NABOKV-L post 0021836, Thu, 21 Jul 2011 15:00:13 -0300

Re: On Shade's memory
G.Lipon: "I continue reciting Pale Fire...One thing which maybe doesn't come from the repeated recitations is the observation that the reader shouldn't trust entirely the accuracy of Shade's memory...I see that Shade never literally claims an ability of exact recall that lasts longer than an hour or two. It is the reader who generalizes that Shade's recall of events partake of that photographic perfection..." G.Lipon then mentions Shade's description of the school pantomime as not acurate, "but rather an exaggeration that the reader is supposed to see through. It is simply not believable, to me, that an elementary school teacher would cast a young child into a derogatory role based upon her plainness...Surely Shade is exaggerating and, either he or VN, wants us to know it. Why? Intensification is one of the key, most frequent qualities of aesthetic experience if general. Exaggeration is, of course, a form of intensification, itself frequently used in spontaneous narrative, especially among fisherman (common folklore).Shade is an intensified fictional figure who has a tendency to exaggerate."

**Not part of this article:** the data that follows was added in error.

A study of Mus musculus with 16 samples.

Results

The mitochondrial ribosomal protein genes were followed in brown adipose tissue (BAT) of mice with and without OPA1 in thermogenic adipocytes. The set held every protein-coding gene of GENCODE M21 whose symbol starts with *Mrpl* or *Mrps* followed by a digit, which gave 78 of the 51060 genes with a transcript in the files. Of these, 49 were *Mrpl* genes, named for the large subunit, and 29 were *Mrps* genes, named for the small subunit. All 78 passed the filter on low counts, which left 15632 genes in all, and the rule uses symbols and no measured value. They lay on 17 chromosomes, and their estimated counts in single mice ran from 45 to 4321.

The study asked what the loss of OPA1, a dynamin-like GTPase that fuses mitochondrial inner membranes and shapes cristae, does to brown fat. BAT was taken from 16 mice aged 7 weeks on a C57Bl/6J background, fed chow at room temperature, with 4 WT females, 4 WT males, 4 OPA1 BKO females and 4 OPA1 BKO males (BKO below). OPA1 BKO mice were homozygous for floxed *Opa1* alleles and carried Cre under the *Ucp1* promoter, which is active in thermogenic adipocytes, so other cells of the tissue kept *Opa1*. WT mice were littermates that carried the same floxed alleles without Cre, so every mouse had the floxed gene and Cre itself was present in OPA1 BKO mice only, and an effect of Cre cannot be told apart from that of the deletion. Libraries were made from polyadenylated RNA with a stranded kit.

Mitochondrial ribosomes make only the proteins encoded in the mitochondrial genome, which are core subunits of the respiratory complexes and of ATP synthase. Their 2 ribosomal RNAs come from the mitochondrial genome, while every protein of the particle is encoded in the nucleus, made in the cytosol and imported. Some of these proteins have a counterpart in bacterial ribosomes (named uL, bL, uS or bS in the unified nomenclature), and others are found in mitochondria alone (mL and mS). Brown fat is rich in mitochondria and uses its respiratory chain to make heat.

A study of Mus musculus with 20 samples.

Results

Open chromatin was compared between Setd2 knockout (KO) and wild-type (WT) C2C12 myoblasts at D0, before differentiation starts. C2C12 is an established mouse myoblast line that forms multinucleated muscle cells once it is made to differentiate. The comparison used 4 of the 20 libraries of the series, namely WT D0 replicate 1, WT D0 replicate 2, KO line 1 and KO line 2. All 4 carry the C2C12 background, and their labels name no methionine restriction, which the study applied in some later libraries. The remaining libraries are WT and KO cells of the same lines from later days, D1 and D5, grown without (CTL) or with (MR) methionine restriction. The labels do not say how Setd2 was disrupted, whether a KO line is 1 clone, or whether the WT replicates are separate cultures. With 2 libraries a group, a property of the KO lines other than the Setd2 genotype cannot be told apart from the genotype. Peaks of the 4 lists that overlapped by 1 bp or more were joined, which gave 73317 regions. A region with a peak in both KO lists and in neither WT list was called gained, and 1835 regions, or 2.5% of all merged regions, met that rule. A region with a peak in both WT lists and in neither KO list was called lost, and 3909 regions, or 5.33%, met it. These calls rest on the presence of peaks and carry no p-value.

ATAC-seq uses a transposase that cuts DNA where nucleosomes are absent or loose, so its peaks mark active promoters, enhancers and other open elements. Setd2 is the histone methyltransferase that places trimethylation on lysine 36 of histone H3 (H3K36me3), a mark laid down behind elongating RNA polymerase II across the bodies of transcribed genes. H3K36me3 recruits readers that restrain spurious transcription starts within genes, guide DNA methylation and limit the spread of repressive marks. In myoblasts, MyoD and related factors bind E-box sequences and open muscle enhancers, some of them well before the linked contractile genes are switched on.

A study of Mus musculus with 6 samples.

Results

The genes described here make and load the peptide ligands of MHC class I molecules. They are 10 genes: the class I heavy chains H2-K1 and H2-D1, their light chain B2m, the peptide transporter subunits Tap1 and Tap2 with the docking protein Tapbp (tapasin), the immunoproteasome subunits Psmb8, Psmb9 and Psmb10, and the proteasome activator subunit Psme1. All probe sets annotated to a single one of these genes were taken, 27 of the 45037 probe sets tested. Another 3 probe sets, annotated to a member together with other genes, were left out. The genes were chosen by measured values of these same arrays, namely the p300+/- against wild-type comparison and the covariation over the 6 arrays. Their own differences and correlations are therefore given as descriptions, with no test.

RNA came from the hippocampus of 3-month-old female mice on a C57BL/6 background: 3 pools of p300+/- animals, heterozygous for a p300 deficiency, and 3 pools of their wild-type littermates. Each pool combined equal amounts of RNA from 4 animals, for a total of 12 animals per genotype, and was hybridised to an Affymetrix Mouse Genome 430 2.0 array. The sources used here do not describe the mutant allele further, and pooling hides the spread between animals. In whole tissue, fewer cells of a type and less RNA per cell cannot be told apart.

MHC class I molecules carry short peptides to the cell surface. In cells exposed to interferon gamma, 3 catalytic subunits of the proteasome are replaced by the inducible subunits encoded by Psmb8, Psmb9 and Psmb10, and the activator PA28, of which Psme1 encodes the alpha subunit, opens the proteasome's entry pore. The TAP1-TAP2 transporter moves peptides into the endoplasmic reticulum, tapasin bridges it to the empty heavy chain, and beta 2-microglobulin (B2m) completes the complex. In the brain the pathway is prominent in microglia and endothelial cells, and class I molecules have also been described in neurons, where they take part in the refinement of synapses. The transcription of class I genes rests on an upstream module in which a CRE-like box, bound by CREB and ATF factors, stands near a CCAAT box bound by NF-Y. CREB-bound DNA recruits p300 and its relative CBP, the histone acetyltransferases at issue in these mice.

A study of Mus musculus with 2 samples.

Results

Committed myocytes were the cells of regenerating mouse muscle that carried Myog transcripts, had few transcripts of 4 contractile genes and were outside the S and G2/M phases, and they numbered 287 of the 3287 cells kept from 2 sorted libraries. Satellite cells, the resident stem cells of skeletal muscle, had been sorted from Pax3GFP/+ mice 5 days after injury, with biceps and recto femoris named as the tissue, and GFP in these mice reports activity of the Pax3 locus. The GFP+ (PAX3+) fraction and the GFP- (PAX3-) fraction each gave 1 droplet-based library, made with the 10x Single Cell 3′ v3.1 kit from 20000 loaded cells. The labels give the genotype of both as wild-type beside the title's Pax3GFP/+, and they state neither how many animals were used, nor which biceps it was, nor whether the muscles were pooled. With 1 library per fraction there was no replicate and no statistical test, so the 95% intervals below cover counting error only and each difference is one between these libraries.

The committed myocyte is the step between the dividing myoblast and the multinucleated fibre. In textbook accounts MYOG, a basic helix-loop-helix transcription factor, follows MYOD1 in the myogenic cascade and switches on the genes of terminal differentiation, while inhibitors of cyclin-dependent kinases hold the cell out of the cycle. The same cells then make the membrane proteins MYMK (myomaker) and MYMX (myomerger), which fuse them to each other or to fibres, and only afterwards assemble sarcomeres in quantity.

JM: When I was six I was chosen to play the witch in the school pantomime, not the princess. I'd entered school in the mid-term and I knew that my school-friends were not really very friendly towards me, an unwanted and plain new comer (the wise teacher had the children elect who was playing what.). I must confess that I loved it and that I was a very convincing witch with a vengeance in the heart !
I think that Shade sometimes has a tendency to self-pity. He is also as plain as he is susceptible to supposed slights. However, I see your point about artistic intensification and hyperbole.
There are various types of memory ( when spontaneous recall or only recognition predominate). In old age retrograde memory is usually sharp, not the anterograde memory (the one related to recent events). Shade's childhood recollections could at times maintain the quality of a photographic perfection, although it seems to me that often he suffers from the more usual kind of remembrance, one that is distorted by emotional factors and blame external reality for its distortions (as in "Maybe some quirk in space/Has caused a fold or furrow to displace/ The fragile vista, the frame house between...).
btw: I'm outlining a very out-moded theory about memory and it is also subject to omissions and imprecisions.